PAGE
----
Mark Farrell pledges to fire SFPD chief if elected mayor

Former San Francisco Mayor Mark Farrell is running for his old job. This week, Farrell filed paperwork with the Department of Elections to challenge Mayor London Breed. He says Mayor Breed has failed San Francisco. 

In addition, Farrell, who was appointed mayor in 2018 following the death of Mayor Ed Lee, said one of the first things he would do if elected, would be to fire San Francisco's Chief of Police Bill Scott. 

At a Tuesday news conference, where he announced that he's running for mayor, Farrell, who served on the Board of Supervisors for District 2, took a shot at the mayor. 

"Over the past five years, I have watched our city crumble." He touched on the concerns of public safety, echoing Florida Gov. Ron DeSantis's failed presidential campaign video by saying the conditions of the streets have never been worse. "Our local economy is broken and we have literally become the butt of jokes across the country and abroad." 

Farrell, who served six months in his interim position, appeared on KTVU in his first television appearance since announcing his candidacy. He elaborated on his stance, saying his policies could not be more different from the mayor's and some of the other candidates. 

Mark Farrell, former mayor of San Francisco, announces his candidacy to run as the citys mayor in 2024. 

Farrell joins a crowded field of candidates that notably includes incumbent Mayor Breed, District 11 Supervisor Ahsha Safai, and philanthropist and former Tipping Point Community CEO Daniel Lurie

Farrell said he's bringing seven and a half years of effective leadership both as a supervisor and as mayor to the table. "During that time, we grew our police force. As mayor, I cleared out all of our tent encampments." He clarified by saying "large tent encampments." The measuring stick he's using to define large was not made clear. 

Doubling down when asked for specifics, Farrell said he'd clear homeless encampments within his first year of being in office. 

The candidate said he's proposing a 24/7 centralized intake center. "It's been replicated in many cities across the country. We will do it here in San Francisco." Without specifics, he said the centers he proposes would get the homeless into shelter and into services they need. 

Farrell's platform includes a plan to detain anyone who has been administered the opioid overdose reversal medication – Narcan – at least two times, to be put on a mandatory 72-hour hold at Zuckerberg San Francisco General Hospital. Farrell claimed this would be allowed under state law. He did not elaborate on how the city would track how many times its citizens were administered Narcan.  

"We have as the city of San Francisco, absolutely failed to address the drug crisis on our streets," said Farrell. "It is unacceptable to continue to allow individuals at the volume that we have seen to die on the streets of San Francisco." He said the drug crisis spills out onto the sidewalks and affects everyone when the sidewalks should be for everyone. 

Lurie seemed to fire back at Farrell. In a statement, Lurie said Farrell voted with Breed 95% of the time, calling the two candidates two sides of the same coin. He characterized them both as City Hall insiders.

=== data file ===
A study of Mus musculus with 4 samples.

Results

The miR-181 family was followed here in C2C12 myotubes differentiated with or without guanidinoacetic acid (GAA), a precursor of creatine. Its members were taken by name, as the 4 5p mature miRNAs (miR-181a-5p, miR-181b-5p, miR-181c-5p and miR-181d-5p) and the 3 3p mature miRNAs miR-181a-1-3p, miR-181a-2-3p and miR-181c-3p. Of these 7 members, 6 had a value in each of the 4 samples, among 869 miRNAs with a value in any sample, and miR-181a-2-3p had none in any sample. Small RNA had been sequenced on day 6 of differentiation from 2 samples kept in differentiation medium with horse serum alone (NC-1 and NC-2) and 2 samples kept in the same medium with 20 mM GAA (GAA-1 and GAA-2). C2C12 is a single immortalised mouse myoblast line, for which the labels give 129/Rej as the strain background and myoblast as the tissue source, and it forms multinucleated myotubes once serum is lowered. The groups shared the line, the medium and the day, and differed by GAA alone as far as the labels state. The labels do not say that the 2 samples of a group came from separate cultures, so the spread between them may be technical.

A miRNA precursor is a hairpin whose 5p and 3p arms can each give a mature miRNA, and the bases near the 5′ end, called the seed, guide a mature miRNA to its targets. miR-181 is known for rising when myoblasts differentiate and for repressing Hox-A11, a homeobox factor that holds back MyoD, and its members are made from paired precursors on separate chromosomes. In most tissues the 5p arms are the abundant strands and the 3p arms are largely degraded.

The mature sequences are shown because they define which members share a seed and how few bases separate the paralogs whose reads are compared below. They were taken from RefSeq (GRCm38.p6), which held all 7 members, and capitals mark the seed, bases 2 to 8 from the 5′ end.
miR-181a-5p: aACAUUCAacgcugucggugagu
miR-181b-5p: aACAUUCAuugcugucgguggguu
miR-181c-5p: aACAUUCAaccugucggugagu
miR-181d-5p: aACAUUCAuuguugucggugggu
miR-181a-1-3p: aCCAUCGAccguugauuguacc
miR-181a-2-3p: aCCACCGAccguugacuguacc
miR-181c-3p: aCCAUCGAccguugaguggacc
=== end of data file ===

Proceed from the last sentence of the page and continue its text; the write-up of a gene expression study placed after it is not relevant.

Farrell claimed that in the past five years, San Francisco's police department lost over 500 officers, and that the mayor has stripped money from the police budget and continues to call for additional cuts. "Our police force was over 2,300 police officers. Today, that's just over 1,800 officers."

He explained why he'd fire Chief Scott. 

"What we need right now is a different type of leader at the top of our police department." Farrell said he wants a chief who will fight for budget dollars so that communities are safe. He alluded to recruiting officers from across the Bay Area. 

SFPD defended its chief, saying that Scott has been at the helm of the department through some challenging times in the past seven years, including the COVID-19 pandemic and the widespread racial reckoning experienced in the aftermath of the murder of George Floyd. The department characterized this time as a "policing crisis." 

SFPD in a statement said lawmakers have looked at their department as a national model for 21st-century policing, due in part to reforms Scott has put into place that have helped build trust with communities.  

"Chief Scott has devoted resources to ensure violent crime remains far below the rates of other cities the size of San Francisco," SFPD's statement read. During Scott's tenure, they said city's homicide rate has fallen to its lowest point since 1963. The department also said property crime had been a problem long before Scott became chief, but that he continues to address this type of crime and is seeing some success. 

The department said SFPD's staffing challenges mirror the challenges of other police departments around the country. However, through a new contract, SFPD's officers are among the highest paid in the nation. The department said they are on track to graduate more recruits from its academy this year than in the last six years. 

Farrell said he's looking to be mayor for all and to challenge the status quo.